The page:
Published June 13, 2013
If there's one thing Jeep enthusiasts wish they could get more than anything else, it's a Wrangler pickup truck.
Jeep CEO Mike Manley says he’s clearly aware of the interest and that it’s a great opportunity to expand the Wrangler brand, which saw its best sales ever last year.
The automaker hasn’t offered one since the Scrambler in 1986, but there are indications such a model could return to the lineup when the next generation Wrangler is introduced in a couple of years.
Too impatient to wait?
Well, you can get one today, just not from Jeep.
The Brute Double Cab is a Wrangler Unlimited that's been converted, quite effectively, into pickup by American Expedition Vehicles, one of the top producers of custom Wranglers and the parts and accessories to go with them.
Developed at AEV's R&D facility in Missoula, Mont. and built by its manufacturing arm, Quality Metalcraft, run by Michael Chetcuti in Michigan, the four-door gets 23 inches added to its wheelbase, and another 16 inches to the rear overhang that preserves the size of the cabin while accommodating a 61x60-inch bed.
While the newly-designed rear roof section is metal, the bed is constructed from a cored composite material that AEV CEO Dave Harriton says is stronger and weighs 150 pounds less than a comparable steel bed would. The Wrangler’s standard removable front roof panels remain in place.
Two basic builds are available.
The DC250 is aimed at customers who plan on doing even more modifications to the truck and comes with a 2.5-inch lifted suspension, underbody spare tire carrier, systems recalibration, rear bumper fitted with potable water tanks, and AEV badges.
The DC350 gets all that, plus a selection of off-road goodies that includes a 3.5-inch lift, auxiliary lighting, front bumper with integrated push bar, Warn winch, front skid plate and 35-inch tires mounted on 17-inch AEV-designed wheels.
Both versions are fitted with AEV gauges and leather seats with a design somewhat oddly inspired by the contrast-stitched and ribbed buckets from a classic Ferrari Daytona sports car. A catalog’s worth of additional add-ons, including air intake snorkels and various racks, are also available.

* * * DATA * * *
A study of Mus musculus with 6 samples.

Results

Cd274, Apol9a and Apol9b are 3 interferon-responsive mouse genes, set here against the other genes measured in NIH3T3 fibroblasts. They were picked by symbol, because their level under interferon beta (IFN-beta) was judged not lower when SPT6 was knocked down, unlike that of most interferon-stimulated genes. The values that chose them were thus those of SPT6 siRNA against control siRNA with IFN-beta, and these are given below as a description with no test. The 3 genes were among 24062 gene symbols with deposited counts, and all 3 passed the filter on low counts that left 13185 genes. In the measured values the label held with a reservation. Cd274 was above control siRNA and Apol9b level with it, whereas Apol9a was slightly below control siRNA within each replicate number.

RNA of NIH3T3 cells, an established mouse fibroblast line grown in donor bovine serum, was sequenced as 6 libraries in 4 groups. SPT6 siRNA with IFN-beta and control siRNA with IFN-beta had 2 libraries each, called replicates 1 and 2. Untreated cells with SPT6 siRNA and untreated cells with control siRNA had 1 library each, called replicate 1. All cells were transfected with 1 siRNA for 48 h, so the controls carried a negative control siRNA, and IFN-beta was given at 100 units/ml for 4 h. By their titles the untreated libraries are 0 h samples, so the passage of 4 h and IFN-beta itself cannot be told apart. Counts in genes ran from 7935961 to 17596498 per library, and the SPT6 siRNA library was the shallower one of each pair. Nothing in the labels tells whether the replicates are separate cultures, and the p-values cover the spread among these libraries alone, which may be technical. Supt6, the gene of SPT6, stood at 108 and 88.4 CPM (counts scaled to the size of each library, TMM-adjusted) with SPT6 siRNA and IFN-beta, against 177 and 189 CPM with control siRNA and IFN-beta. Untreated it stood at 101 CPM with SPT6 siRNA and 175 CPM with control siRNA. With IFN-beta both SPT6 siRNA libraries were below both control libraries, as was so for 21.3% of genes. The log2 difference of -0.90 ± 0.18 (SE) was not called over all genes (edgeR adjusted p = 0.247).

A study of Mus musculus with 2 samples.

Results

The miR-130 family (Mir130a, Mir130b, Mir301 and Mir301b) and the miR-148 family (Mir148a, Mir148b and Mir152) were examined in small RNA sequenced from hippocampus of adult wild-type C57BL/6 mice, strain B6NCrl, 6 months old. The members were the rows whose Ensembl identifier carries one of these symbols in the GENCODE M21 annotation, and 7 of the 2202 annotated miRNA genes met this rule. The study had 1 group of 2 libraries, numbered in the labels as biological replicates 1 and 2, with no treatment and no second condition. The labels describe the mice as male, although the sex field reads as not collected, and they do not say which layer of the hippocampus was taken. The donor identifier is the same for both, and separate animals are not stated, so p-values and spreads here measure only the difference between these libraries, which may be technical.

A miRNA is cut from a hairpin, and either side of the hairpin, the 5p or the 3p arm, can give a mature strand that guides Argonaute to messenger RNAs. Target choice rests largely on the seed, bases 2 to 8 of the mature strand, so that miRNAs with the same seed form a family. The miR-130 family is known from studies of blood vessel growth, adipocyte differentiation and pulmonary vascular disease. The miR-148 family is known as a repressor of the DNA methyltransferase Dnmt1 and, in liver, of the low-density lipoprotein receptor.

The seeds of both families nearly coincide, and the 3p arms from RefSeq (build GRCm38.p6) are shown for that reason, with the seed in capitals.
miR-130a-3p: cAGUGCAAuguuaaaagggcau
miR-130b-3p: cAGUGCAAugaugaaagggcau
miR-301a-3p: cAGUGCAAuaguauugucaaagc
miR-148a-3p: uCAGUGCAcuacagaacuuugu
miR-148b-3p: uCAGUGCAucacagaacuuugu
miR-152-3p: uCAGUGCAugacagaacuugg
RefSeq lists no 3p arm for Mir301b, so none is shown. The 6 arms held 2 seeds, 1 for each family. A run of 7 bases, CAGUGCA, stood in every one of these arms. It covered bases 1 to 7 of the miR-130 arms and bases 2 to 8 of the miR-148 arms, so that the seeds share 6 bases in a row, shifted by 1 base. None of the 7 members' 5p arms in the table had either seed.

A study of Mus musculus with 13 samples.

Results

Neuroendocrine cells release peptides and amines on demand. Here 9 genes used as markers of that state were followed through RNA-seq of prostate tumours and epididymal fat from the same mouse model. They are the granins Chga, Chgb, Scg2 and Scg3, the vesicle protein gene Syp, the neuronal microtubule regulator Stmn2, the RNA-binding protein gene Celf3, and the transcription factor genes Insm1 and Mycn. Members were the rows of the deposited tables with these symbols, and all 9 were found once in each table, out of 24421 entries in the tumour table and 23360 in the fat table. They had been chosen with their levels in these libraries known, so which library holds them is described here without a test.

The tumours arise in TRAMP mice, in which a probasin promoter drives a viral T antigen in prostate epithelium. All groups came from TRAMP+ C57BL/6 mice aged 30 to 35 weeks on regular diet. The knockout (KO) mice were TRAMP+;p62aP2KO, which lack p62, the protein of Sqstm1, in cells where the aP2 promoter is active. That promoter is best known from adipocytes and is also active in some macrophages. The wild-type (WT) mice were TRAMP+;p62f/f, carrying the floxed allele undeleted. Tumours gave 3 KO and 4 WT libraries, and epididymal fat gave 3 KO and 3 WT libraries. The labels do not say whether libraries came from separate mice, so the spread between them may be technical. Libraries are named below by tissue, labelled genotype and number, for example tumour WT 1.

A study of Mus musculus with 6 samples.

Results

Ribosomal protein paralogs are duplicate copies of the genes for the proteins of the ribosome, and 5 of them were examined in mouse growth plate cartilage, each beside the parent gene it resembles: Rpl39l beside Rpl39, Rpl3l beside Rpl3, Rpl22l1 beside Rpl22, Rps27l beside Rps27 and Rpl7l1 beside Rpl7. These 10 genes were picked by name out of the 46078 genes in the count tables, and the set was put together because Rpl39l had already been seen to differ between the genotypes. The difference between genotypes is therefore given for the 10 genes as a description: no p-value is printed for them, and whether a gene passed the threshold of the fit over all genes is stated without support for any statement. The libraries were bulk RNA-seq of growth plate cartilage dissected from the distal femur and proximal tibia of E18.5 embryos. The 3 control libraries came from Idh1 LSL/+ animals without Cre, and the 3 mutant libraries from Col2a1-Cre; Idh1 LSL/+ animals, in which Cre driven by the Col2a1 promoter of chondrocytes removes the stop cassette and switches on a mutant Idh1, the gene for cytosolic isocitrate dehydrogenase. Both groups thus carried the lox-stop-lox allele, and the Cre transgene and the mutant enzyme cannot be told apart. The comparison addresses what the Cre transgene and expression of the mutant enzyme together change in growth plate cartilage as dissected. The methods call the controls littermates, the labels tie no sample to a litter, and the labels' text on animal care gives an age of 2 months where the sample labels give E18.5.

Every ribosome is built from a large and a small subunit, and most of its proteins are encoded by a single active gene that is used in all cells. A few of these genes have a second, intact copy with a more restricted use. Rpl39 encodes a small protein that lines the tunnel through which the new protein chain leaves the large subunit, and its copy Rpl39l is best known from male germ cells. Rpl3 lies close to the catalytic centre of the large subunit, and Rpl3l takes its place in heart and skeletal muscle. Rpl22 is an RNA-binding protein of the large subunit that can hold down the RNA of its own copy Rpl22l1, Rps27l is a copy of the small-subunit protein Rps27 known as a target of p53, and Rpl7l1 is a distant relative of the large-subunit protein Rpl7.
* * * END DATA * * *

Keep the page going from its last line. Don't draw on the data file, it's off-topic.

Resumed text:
The conversion can be done on any JK-series Wrangler, so 2007 and later, but Harriton says most of the orders are for brand new vehicles based on high-end Wrangler trim levels, like the Rubicon.
Prices are $29,999 for the DC250 and $39,999 for the DC350 on top of the donor vehicle, but it’s definitely a “you get what you pay for” proposition.
AEV builds 75 percent of its parts in house at Quality Metalcraft, and uses Tier 1 OEM suppliers to manufacture the rest to order. The two companies also do engineering and low-volume production work for a number of major automakers, and that level of quality is evident throughout the Brute.
I drove a DC350 based on a 2012 Rubicon and fitted with 37-inch tires. Standing in the bed, it felt enormous compared to the last Wrangler I drove, and absolutely dwarfed the other Jeeps we came across in the mountains of northwest New Jersey.
This particular truck had the Wrangler’s standard 290 hp 3.6-liter V6, but another one of AEVs specialties is Hemi conversions, so feel free to check the box for a 470 hp 6.4-liter V8. The Rubicon’s detachable sway bars and locking differentials also carry over intact.
Aside from its overall solidity, the most impressive thing about the Brute is the suspension. The vehicle was designed primarily as a long-haul adventure vehicle, and AEV puts great care into optimizing the geometry of its upgrades and employs combination of digressive rate dampers and progressive rate springs to tune in a controlled ride for pavement while improving its off-road composure.
On the street, the Brute doesn’t feel vague or drift around the way a lot of modified trucks riding on jumbo tires do. Unfortunately, the best off-roading we could throw at it was a moderate, rock-strewn trail that hardly challenged it, but the body control and lack of head-toss incurred there was at least on par with the last air-sprung Range Rover that I got dirty, and better than in any showroom stock Wrangler that I can recall.
As an alternative to a wide spectrum of vehicles that runs from the Ford F-150 Raptor SVT and Ram 2500 Power Wagon to old Land Rover Defenders and the Mercedes-Benz G-Class, the Brute definitely fills a niche, especially for nothing-else-will-do Wrangler fanatics. But what happens when Jeep starts making a pickup of its own?
Mopar already offers a DIY conversion kit that turns a Wrangler Unlimited into a two-door pickup -- perhaps inspired by the success of similar trucks built by AEV since 2002 -- and there’s no doubt a future production version would be a four-door like the Brute Double Cab.
Harriton says bring it on, they’ll make more money selling parts for the thousands of trucks Jeep will turn out compared to the hundreds AEV can currently build. Besides, they’ll just come up with something new that Jeep doesn’t make for itself.
Anyone want to start filling up the wish list?